Subaru Impreza puts all wheels into action


The Lowdown

Engine: 2-litre horizontally opposed four-cylinder

Transmission: Five-speed manual/CVT automatic

Drive: All-wheel drive

Horsepower: 148 horsepower at 6,200 rpm

Torque: 145 foot-pounds at 4,200 rpm

Price Range: $19,995 to $28,490

Fuel Economy: 8.3 litres per 100 kilometres city, 5.9 litres per 100 kilometres highway (manual transmission), regular gas

Alternatives: Hyundai Veloster, Hyundai Accent, Scion tC, Nissan Versa, Kia Forte, Ford Focus, Chevy Cruze, Fiat 500, Honda Civic

Positives: All-wheel drive a nice feature, pleasantly styled, good record with Consumer Reports

Negatives: CVT of questionable merit, fuel economy still a little high in town

On the other hand, it’s nice to have that extra bit of dig when you need it—especially if you live somewhere snowy. And if you’re an enthusiast, AWD, under some circumstances, will improve handling.

Subaru thinks AWD is the way to go, and all of its models have it, including the Impreza, which, for 2012, gets a host of upgrades and changes.

“The Impreza is not a mainstream car,” explained Subaru Canada’s manager of product planning Anton Pawczuk at the recent launch in Vancouver. “We don’t want to compete directly against Honda or Toyota. We want to create an impression of style with the Impreza, rather than an image of off-road ruggedness. We also want to attract younger buyers.”

Available as either a four-door sedan or four-door hatchback, the 2012 Impreza is powered as always by a horizontally opposed Boxer four-cylinder engine that, this time around, displaces two litres and develops 148 horsepower. This engine was formerly found in the Subaru Forester, albeit in a slightly smaller size. It’s mated to either a five-speed manual transmission or a continuously variable unit (CVT). Subaru calls this latter unit its Lineartronic CVT, and it’s now in its second generation. More and more carmakers are switching to CVTs these days, chiefly because the technology seems to have been perfected, but also because it reduces manufacturing costs—although they’ll never admit that up front. Either way, some CVTs are better than others, and in this application, with the Boxer engine, it seems to work well enough. I’d still prefer a conventional planetary gear arrangement, but there you go. The CVT also adds some $1,300 to the vehicle’s price tag, which is worth keeping in mind.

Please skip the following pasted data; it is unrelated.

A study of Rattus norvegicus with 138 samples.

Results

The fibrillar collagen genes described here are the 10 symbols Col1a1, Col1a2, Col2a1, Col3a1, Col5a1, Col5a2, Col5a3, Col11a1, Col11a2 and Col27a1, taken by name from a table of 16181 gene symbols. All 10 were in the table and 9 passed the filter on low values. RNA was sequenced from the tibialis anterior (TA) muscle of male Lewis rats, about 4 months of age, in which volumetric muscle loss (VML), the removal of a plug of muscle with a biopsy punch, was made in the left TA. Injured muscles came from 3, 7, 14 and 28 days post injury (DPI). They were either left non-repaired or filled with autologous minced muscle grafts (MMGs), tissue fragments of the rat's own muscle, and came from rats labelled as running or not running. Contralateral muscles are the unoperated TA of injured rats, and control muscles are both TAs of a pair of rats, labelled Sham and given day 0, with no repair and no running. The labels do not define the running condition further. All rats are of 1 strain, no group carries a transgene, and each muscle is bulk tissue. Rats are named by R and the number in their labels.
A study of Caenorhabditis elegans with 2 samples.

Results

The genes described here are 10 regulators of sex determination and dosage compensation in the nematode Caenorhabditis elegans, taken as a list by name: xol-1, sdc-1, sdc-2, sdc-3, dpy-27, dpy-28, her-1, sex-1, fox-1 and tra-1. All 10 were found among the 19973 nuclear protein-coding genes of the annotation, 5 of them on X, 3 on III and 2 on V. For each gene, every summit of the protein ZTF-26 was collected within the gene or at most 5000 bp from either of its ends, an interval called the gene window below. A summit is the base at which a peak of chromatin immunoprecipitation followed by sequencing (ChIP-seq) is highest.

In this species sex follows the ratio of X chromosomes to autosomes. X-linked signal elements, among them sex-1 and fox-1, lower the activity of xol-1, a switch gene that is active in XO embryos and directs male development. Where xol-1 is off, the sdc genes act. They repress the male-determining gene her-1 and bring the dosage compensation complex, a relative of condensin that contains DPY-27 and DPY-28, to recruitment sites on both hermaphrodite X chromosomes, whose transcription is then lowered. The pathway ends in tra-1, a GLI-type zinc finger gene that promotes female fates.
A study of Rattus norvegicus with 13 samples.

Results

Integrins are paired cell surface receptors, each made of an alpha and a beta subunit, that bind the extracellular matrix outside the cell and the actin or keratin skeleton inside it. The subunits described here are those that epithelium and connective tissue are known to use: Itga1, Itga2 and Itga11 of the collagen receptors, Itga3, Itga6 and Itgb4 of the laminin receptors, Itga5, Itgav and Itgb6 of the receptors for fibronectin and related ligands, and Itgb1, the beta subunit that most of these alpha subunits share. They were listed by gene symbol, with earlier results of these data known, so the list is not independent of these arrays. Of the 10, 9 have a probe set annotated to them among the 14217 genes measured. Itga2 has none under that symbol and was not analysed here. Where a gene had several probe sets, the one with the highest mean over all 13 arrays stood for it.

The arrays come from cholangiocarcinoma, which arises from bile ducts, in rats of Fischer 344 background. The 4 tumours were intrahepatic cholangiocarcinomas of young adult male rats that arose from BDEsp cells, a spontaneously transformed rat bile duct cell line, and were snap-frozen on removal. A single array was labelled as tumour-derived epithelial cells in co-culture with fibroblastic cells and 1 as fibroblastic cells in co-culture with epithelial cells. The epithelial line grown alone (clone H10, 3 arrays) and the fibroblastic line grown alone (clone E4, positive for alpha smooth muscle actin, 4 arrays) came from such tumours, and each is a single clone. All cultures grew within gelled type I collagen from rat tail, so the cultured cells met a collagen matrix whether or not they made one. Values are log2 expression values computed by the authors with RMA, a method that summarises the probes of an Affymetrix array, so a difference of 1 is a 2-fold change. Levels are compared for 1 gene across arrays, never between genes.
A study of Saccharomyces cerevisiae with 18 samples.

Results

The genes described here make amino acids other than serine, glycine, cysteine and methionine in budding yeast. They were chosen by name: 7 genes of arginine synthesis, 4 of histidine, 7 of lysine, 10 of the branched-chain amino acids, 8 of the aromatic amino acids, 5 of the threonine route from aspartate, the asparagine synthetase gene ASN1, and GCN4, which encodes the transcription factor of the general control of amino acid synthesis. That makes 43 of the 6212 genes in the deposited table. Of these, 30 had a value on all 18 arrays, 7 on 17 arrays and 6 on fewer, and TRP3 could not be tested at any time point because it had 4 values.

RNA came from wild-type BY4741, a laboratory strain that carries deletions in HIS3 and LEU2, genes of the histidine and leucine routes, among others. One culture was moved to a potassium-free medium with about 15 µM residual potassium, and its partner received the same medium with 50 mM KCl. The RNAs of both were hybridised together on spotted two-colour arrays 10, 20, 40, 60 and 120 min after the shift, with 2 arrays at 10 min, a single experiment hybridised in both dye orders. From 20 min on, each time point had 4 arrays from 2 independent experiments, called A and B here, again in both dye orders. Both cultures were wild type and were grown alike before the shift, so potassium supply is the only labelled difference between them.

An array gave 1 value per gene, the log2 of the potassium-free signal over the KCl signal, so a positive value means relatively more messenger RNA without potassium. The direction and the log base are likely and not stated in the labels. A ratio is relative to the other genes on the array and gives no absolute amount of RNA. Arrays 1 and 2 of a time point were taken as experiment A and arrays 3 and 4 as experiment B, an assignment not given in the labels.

One small note here: if you choose the manual gearbox, you also get a Hill Holder feature, which stops the vehicle from rolling backward when you’re stopped at a light, for example. This is a nice little extra and holds the vehicle for a couple of seconds while you get under way. The CVT does not have this feature.

And a word about Subaru’s Boxer engine. Maybe it’s because all the power is being generated outward, as opposed to upward, but the drive train in this car may be one of the smoothest and best-behaved in this segment of the market, and that’s saying something. The Impreza is a surprisingly refined automobile, and over the years the Boxer engine has proven to be rugged, durable, and driver-friendly. Don’t let it run low on coolant or oil, though—these all-aluminum engines are notorious for frying head gaskets and cracking cylinder heads when they overheat. But that’s another story. And anyway, Consumer Reports recently named Subaru (along with Honda and Toyota) as the leading manufacturer when it comes to reliability and build quality.

In terms of fuel economy, the new Impreza is posting better numbers than its predecessor. A thirstier-than-average drive train has always been one of the biggest criticisms of this company’s models, but the combined fuel economy for the new Impreza equipped with the five-speed manual is 7.1 litres per 100 kilometres, which means theoretically you can travel almost 1,000 kilometres on a single tank of fuel.

Both the hatchback and the sedan will be offered in four packages: base, touring, sport, and limited. Equipment level is high, with things like air conditioning, cruise control, tilt/telescoping steering, 60/40 folding rear seat, and dash-mounted Eco gauge coming standard. This latter item basically lets drivers know when they are driving the vehicle at optimum fuel consumption. It’s a good idea on paper, but kind of impractical. If you drove this—or any other—car strictly by the Eco gauge, you’d hold up traffic.

Other available features include full leather interior, sport gauges, a climate-control system, heated seats, steering-wheel-mounted shift paddles, and, of course, a range of electronic doodads, including hands-free Bluetooth with streaming audio, iPod/USB integration, a backup camera, and Sirius satellite radio. If you want to attract those younger buyers, you’d better give them all the electronics you can, and the Impreza has them all.

It’s also one of the most visually appealing models in this segment of the market. While manufacturers like Hyundai and Nissan trot out stylistic nightmares like the Veloster and the Juke, Subaru produces a sleek, subtly designed, and very European-looking masterpiece that wouldn’t look out of place whistling along a German autobahn. Interestingly, the hatchback carries a base price of $900 more than the sedan.

Both models are available right about now.